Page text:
Priest narrowly escapes attack damaging historic Oregon Catholic shrine

(OSV News) -- A historic place of prayer in Portland, Oregon, sustained significant damage to one of its buildings, while a priest narrowly escaped harm, in a Feb. 28 vandalism attack.

Security cameras, religious objects and windows were smashed in the monastery of The Grotto, the National Sanctuary of Our Sorrowful Mother, a 54-acre shrine operated by the Order of Friar Servants of Mary.

In an email to OSV News, shrine executive director Chris Blanchard said "an unidentified man broke into The Grotto Monastery, a private residence for the Servite Friars who minister at The Grotto," at approximately 6 a.m. that day.

"The intruder vandalized several rooms, including the monastery chapel, and damaged or destroyed several sacred items," said Blanchard in his email. "Police responded immediately to the incident and arrested the intruder shortly after. We are thankful that no one was injured, including the intruder."

According to local media reports, the suspect -- named by the Portland Police Bureau as 57-year-old Paul Joseph Yauger -- entered the grounds of the property early that morning and shattered security cameras, triggering a police response.

Blanchard told local media that responding officers were initially unable to locate the intruder on the extensive and heavily wooded property and departed. Less than an hour later, the suspect forced his way into the monastery and, using a stick, pushed in the door to the room of Servite Father Leo Hambur as the priest was calling emergency services.

"I thought it was a gun," Father Hambur told media. "I was so scared at the time."

The suspect "looked at me, and he said, 'Who are you?'" Father Hambur recalled. "Then he moved out through another door, and he picked up (a pair of) scissors."

The priest then fled the monastery while the suspect locked himself inside. Police returned and arrested Yauger, who was being held in the Multnomah County Detention Center on five charges of burglary, trespassing, criminal mischief and unlawful use of a weapon. Three of the charges are felonies.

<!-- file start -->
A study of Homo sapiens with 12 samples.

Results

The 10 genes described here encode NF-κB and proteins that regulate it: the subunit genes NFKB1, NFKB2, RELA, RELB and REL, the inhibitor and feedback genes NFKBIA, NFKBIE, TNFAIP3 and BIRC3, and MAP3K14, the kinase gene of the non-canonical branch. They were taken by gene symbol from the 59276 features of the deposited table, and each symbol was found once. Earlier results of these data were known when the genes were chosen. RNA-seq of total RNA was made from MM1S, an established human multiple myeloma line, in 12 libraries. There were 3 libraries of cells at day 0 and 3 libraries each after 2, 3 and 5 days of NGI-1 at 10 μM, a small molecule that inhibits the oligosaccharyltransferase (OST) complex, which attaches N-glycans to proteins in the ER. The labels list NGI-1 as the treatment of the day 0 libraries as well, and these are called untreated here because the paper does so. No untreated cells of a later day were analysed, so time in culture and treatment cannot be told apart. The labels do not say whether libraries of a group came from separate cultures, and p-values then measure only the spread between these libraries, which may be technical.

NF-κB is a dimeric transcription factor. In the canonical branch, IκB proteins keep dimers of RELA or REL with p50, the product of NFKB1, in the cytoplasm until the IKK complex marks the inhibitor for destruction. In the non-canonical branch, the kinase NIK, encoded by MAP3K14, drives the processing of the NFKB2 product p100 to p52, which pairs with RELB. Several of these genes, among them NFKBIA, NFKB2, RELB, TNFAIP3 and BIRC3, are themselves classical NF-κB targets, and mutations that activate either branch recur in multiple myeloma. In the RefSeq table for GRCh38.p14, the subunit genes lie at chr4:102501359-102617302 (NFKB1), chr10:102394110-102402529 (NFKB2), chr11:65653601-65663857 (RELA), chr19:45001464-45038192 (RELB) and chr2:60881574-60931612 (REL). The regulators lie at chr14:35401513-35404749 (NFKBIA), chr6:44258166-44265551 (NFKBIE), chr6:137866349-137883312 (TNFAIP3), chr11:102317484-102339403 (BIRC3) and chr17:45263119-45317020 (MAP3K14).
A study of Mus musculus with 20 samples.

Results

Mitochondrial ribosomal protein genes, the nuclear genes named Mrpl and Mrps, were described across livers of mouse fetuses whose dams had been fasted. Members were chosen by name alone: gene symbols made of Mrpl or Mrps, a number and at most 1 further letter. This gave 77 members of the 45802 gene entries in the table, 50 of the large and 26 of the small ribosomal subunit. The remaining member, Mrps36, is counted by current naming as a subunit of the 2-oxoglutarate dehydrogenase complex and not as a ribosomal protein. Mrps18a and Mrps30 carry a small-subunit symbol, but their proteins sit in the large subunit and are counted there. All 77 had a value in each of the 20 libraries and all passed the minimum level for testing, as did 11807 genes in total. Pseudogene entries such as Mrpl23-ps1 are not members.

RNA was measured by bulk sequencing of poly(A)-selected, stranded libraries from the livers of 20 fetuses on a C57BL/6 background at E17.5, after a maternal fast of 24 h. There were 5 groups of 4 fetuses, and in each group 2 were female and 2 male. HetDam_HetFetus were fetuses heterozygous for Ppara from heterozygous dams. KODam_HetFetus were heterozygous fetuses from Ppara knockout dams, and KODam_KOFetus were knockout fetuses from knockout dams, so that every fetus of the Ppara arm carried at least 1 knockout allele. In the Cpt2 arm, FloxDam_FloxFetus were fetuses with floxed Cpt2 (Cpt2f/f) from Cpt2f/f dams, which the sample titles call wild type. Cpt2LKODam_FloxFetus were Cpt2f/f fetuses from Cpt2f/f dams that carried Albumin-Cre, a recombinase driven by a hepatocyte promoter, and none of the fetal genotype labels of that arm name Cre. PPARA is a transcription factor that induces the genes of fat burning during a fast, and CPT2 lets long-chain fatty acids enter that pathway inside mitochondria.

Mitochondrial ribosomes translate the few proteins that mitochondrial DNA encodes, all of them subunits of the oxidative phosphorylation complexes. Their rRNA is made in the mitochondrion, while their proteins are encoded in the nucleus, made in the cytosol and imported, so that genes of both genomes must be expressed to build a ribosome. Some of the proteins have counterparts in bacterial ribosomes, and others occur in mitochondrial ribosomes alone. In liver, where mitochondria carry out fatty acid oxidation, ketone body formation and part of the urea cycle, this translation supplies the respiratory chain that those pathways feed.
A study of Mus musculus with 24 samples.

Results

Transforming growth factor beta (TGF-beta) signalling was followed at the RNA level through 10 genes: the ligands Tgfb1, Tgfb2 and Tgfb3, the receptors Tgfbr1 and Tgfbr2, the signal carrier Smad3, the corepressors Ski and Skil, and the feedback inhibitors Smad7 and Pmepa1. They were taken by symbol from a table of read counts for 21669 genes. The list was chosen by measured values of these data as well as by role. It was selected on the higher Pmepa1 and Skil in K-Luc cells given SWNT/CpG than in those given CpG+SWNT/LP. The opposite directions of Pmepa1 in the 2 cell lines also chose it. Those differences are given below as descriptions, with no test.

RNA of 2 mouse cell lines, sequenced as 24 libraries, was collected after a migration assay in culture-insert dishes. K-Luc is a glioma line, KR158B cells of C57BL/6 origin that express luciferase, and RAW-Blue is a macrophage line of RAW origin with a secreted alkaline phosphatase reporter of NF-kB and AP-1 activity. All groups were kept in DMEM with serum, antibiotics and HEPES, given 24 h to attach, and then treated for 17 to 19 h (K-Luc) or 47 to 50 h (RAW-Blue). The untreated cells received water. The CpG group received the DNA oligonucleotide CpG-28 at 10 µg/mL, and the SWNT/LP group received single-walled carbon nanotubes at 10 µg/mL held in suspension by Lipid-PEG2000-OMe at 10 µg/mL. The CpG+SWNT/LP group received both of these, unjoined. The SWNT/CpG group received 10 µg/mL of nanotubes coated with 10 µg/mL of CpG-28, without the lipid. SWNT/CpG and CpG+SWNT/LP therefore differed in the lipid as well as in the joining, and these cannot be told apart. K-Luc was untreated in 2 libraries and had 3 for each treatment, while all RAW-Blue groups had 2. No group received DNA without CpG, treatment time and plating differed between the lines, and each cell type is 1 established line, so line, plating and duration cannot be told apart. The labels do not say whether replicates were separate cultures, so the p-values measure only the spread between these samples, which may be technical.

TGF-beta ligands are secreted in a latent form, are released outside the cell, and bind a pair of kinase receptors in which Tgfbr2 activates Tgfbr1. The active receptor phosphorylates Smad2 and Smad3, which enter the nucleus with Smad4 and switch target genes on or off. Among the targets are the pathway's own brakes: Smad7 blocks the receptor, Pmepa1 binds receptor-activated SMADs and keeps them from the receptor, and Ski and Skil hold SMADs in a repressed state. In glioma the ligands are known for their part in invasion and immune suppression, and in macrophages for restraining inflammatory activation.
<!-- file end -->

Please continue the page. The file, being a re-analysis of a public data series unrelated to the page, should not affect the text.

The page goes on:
An adjacent convent in which four women religious live was not damaged.

Yauger was in court March 1 after refusing to appear for a scheduled hearing the prior day.

According to one local media outlet, a police spokesperson said Yauger was experiencing a mental health crisis at the time of the attack, and was "yelling and confrontational."

Blanchard told media he could only guess the total amount of damage, adding, "The real damage is to the sanctity of this place."

The Grotto was established in 1923 by Servite Father Ambrose Mayer, the order's first pastor in Oregon. Father Mayer founded the shrine as a tribute to Mary, the mother of Jesus, following a childhood promise he had made when his own mother recovered after almost dying in childbirth. Pope Pius XI gave his apostolic blessing to the project, and Father Mayer used the entirety of his savings for the $3,000 deposit on the property, then owned by the Union Pacific Railroad Company. The Grotto's iconic cave features a stone altar and a replica of Michelangelo's Pieta.

At the shrine's dedication in May 1924, Archbishop Alexander Christie prayed the place would be "a sanctuary of peace for all peoples of the earth, and surely in this day a sanctuary is needed. Torn with differences, strife, and grief, the world needs sanctuary where the human spirit can seek peace and consolation."

The shrine now features extensive gardens, a conference center, daily Mass and recitations of the rosary, self-guided pilgrimages and retreats, and a Christmas lights festival.

- - - Gina Christian is a multimedia reporter for OSV News. Follow her on X (formerly Twitter) at @GinaJesseReina.